The good folks at Bike Hugger pointed me to this wonderful example of nonsense in the field of headline writing by Tweeting:
Suspect headline of the day: Children prefer homework to bikes wazzat? http://bit.ly/lxQQ7
Following the link leads to this story in The Daily Telegraph headlined
Children prefer homework to bikes, new statistics showKinda makes you want to read the article, eh? And I'm pretty sure that's the point. Because neither the article itself, nor the study it cites, show anything that backs up the claim in the headline. The article does state that cycling was the only activity to become less popular in a survey of child activities but that it is more popular than riding a skateboarding, rollerblading, riding a scooter, or doing a craft or art activity. And kids spend more time doing homework, reading and surfing the internet than they do riding bikes.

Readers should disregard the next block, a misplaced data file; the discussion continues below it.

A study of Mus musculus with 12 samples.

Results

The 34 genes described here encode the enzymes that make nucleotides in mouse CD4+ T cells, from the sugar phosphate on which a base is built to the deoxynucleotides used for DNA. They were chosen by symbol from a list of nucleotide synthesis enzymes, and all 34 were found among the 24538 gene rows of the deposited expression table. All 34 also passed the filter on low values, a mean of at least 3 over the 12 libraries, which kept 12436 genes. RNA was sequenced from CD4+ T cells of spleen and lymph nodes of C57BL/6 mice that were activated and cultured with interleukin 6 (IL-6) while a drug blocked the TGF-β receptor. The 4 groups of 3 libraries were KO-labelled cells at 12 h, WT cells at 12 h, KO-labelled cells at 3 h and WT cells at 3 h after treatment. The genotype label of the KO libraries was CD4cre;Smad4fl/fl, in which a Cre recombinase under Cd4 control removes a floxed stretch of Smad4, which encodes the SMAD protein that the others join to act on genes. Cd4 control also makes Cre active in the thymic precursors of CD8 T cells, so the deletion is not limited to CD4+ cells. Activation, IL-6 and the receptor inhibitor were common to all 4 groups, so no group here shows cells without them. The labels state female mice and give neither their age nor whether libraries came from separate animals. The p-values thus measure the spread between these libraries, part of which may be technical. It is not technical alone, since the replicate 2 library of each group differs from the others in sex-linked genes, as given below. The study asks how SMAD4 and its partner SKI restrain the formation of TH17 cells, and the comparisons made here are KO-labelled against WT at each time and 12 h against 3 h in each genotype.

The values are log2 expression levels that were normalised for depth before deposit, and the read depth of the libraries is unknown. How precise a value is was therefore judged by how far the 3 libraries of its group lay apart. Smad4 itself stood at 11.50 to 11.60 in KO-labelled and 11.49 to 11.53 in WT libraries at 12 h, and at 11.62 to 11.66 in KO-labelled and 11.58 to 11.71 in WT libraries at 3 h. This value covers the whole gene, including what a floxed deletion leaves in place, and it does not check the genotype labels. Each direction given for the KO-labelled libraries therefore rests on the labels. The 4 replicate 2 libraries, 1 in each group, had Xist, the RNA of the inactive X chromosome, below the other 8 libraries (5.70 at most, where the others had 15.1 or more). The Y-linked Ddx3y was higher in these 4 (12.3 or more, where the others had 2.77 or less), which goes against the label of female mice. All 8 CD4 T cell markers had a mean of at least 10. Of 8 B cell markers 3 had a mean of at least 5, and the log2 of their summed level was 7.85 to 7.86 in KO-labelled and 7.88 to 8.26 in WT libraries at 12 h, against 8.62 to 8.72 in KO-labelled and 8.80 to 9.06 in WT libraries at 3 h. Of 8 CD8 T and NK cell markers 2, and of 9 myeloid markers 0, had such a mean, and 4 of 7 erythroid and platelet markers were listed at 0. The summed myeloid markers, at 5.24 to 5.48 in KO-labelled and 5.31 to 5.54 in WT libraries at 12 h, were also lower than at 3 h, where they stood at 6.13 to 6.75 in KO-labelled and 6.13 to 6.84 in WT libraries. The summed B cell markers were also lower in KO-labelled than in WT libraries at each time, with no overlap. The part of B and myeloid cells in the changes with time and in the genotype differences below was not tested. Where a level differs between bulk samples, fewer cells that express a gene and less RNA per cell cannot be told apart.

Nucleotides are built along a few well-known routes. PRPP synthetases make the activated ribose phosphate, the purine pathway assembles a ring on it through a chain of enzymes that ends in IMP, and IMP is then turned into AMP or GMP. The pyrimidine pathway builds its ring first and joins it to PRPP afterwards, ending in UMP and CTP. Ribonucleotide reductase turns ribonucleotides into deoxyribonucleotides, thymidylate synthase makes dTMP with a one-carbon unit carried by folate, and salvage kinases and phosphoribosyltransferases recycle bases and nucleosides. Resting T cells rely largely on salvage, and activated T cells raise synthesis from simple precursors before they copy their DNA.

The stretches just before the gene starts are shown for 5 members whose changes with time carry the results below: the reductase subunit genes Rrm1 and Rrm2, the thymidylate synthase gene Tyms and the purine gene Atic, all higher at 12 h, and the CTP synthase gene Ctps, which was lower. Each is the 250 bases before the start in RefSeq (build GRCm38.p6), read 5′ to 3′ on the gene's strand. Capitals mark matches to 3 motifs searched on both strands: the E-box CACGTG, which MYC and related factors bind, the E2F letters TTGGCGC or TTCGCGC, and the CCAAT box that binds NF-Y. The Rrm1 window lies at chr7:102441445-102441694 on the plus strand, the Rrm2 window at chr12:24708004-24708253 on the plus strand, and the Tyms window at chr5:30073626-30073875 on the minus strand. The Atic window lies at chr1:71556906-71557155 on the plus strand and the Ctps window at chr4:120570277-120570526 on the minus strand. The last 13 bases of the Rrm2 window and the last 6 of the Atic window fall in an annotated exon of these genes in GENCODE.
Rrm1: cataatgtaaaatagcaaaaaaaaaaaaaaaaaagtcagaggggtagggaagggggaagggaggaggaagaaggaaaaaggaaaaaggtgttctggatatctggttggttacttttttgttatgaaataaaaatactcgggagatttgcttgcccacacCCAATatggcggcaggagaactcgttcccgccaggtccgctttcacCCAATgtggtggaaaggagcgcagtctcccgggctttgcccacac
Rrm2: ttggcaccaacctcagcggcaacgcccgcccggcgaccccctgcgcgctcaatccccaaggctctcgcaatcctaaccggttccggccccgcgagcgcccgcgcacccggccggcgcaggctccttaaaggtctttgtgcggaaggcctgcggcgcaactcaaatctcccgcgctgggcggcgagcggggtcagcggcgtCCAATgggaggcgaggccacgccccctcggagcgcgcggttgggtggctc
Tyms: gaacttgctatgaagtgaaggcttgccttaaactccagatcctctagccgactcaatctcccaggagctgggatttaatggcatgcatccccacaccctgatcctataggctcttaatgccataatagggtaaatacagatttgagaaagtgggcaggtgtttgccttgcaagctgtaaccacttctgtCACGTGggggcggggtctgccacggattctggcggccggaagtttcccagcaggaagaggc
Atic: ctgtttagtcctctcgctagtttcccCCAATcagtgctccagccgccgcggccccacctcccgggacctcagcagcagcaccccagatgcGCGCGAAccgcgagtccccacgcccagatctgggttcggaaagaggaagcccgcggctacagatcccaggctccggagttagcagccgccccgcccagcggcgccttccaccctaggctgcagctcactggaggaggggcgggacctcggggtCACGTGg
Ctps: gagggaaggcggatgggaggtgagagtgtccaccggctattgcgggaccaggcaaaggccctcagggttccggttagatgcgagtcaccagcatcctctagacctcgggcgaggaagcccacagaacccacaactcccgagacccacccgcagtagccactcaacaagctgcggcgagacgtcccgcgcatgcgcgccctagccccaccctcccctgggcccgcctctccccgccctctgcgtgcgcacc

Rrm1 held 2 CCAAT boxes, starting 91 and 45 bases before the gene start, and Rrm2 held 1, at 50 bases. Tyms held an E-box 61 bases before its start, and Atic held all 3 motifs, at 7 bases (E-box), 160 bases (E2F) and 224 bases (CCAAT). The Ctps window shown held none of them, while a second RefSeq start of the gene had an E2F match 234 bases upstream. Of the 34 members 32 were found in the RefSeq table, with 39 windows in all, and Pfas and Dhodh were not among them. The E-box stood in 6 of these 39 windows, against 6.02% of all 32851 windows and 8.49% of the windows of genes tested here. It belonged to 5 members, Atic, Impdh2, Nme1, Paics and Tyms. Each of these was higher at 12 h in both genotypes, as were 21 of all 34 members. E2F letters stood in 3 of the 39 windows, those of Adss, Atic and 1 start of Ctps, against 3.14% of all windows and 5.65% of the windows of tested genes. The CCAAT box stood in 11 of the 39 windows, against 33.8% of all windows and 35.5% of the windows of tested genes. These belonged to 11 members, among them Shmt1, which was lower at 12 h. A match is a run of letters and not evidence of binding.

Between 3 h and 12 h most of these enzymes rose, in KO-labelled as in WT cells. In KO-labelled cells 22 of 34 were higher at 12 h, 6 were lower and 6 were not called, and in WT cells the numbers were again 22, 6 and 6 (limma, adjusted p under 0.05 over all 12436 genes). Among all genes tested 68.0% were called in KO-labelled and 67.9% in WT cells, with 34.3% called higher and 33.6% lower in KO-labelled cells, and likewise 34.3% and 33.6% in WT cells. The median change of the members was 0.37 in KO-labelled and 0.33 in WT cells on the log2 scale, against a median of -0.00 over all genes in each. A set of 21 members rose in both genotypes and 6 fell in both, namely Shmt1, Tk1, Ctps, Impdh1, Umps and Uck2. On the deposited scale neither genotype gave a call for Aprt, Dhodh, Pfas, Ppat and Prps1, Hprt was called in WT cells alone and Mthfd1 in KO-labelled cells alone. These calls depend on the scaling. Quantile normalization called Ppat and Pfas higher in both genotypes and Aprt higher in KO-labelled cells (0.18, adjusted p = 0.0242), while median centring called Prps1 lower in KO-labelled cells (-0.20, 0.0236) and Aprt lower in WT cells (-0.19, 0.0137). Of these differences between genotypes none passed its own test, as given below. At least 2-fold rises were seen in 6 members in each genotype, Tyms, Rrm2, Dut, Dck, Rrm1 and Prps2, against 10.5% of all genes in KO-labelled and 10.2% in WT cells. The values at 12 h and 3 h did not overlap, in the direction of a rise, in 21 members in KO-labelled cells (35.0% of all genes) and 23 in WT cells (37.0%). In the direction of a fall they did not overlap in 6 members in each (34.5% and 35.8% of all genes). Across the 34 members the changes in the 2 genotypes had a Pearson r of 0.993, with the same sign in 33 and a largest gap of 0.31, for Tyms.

Now problem is the use of the word "prefer" in the headline. I think I spend more time changing the litter in my cat's litter box than I do eating dark chocolate. Do I prefer scooping crap to eating dark chocolate? No, I do not. I spend more time on the cat litter project because it's something than needs to be done. Like homework.
Headlines sell newspapers. I'm sure the writer of the headline knows the meaning of the word "prefer" and prefers to get more readers with a snappy headline instead of a truthful one. Heck, it worked on Bike Hugger and me. I probably would've glossed over the article if it had a mundane title.